On the day that Britain learned the outcome of one of the biggest debates in its history, primary school children from across North Yorkshire gathered in the County Council’s council chamber in Northallerton to present their arguments in the final of a county-wide debating competition.
The competition was started four years ago by the County Council’s then chairman, County Councillor Cliff Trotter. In the first year, only six schools took part, but this year 34 have been involved, with heats in each district of the county.
The finalists competed at County Hall on Friday, 24 June, the day the country learned the result of the debate on the EU referendum.
This year’s finalists were Easingwold Community Primary School, Hambleton; Richmond Church of England Primary School, Richmondshire; Rossett Acre Primary School, Harrogate; Amotherby Community Primary School, Ryedale; Newby and Scalby Primary School, Scarborough; Chapel Haddlesey Church of England Primary School, Selby; Greeen Hammerton Church of England Primary School, Harrogate. The winner of the Craven heat, Cononley Primary School, was unable to attend the final.
The topic of debate was “Do you think our climate is changing?” and the winning school was Rossett Acre. The runner-up was Amotherby.
Councillor Trotter said: “I started this debate to engage more people, particularly young people, to become involved in the political process. I think the increasing popularity of the competition shows that we are doing that. The children get an awful lot from it and headteachers and teachers have become increasingly keen to get involved as they realise the benefit for their pupils.”
County Councillor Val Arnold, Chairman of the Council and a member of the judging panel for the debate, congratulated the children on the standard of their debating. She said: “To be in this council chamber and to learn from each other’s views is a great thing to do. Perhaps some of you will be in this council chamber as a councillor in future years, looking after North Yorkshire.”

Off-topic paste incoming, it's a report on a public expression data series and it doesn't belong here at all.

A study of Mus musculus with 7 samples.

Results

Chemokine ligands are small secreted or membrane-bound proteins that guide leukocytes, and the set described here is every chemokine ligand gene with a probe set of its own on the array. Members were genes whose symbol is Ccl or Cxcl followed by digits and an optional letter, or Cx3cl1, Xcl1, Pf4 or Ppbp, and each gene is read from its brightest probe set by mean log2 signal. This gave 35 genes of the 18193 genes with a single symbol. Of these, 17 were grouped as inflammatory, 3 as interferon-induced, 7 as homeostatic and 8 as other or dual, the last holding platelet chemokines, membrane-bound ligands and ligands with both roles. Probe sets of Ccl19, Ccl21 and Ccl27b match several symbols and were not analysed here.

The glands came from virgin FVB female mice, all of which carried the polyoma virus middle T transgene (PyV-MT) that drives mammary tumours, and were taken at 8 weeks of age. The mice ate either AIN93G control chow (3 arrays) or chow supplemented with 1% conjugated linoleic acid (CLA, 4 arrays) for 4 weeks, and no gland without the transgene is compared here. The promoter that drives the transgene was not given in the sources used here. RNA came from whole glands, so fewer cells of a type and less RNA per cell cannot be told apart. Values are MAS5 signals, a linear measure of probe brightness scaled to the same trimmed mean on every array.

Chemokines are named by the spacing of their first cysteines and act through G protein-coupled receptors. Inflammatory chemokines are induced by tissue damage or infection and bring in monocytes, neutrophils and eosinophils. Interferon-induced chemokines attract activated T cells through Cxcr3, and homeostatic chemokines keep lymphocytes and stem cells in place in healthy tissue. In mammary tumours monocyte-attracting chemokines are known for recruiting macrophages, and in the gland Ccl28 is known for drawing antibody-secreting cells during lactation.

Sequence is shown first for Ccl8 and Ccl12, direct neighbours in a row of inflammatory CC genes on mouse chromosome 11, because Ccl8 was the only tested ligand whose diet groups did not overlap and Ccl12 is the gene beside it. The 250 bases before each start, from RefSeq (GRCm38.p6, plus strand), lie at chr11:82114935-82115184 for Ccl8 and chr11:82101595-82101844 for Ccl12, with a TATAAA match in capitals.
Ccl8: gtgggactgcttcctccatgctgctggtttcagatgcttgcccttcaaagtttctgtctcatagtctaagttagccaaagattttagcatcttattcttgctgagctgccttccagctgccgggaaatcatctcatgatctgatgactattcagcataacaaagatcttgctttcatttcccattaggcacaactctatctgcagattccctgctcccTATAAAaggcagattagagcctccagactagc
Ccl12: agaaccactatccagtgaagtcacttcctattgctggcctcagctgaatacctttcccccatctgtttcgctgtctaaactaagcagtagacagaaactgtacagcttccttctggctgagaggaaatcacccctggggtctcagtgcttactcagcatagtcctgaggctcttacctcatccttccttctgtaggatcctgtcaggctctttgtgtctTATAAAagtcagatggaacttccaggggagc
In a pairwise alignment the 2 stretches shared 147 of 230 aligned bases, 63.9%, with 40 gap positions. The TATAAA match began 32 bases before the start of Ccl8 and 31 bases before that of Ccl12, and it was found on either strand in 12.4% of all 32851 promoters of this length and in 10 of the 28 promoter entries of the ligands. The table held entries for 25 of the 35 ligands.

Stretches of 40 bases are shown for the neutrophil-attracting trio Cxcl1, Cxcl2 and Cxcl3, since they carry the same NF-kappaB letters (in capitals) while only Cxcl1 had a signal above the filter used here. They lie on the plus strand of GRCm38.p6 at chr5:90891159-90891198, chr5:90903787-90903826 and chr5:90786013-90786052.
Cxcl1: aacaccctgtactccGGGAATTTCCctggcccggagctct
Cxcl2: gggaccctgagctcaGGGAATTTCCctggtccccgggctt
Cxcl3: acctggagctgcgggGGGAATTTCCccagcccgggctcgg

The judging panel was chaired by County Councillor Janet Sanderson, Executive Member for Children and Young People’s Service, who said: “I think it is great to give people from across the county the chance to perform and show their skills in the council chamber. I really enjoyed the day. It was fabulous and I was stunned by the level of the debate. Every year the debate leaps forward in quality and this year was no exception.”
Janet Hickman, assistant head at Rossett Acre and Year 5 teacher, said: “I think it brings English teaching to life, it gives it purpose. We have done a lot of preparation for this and it has really improved the children’s writing. It is an amazing learning experience to have an opportunity like this.”
Parent Gemma Armstrong-Turner added: “As well as the debate itself, it’s wonderful to be able to come to somewhere like County Hall and experience the atmosphere.”
Rossett Acre pupil Poppy, who spoke for the motion, said: “It was good to be able to debate here. When we started the work, I never thought we would get here. We did a lot of preparation in school and I have been rehearsing non-stop at home.”
The other members of the Rossett Acre team were Mia, who spoke against the motion, and questioners Joseph, Bahar, Isabel and Niamh.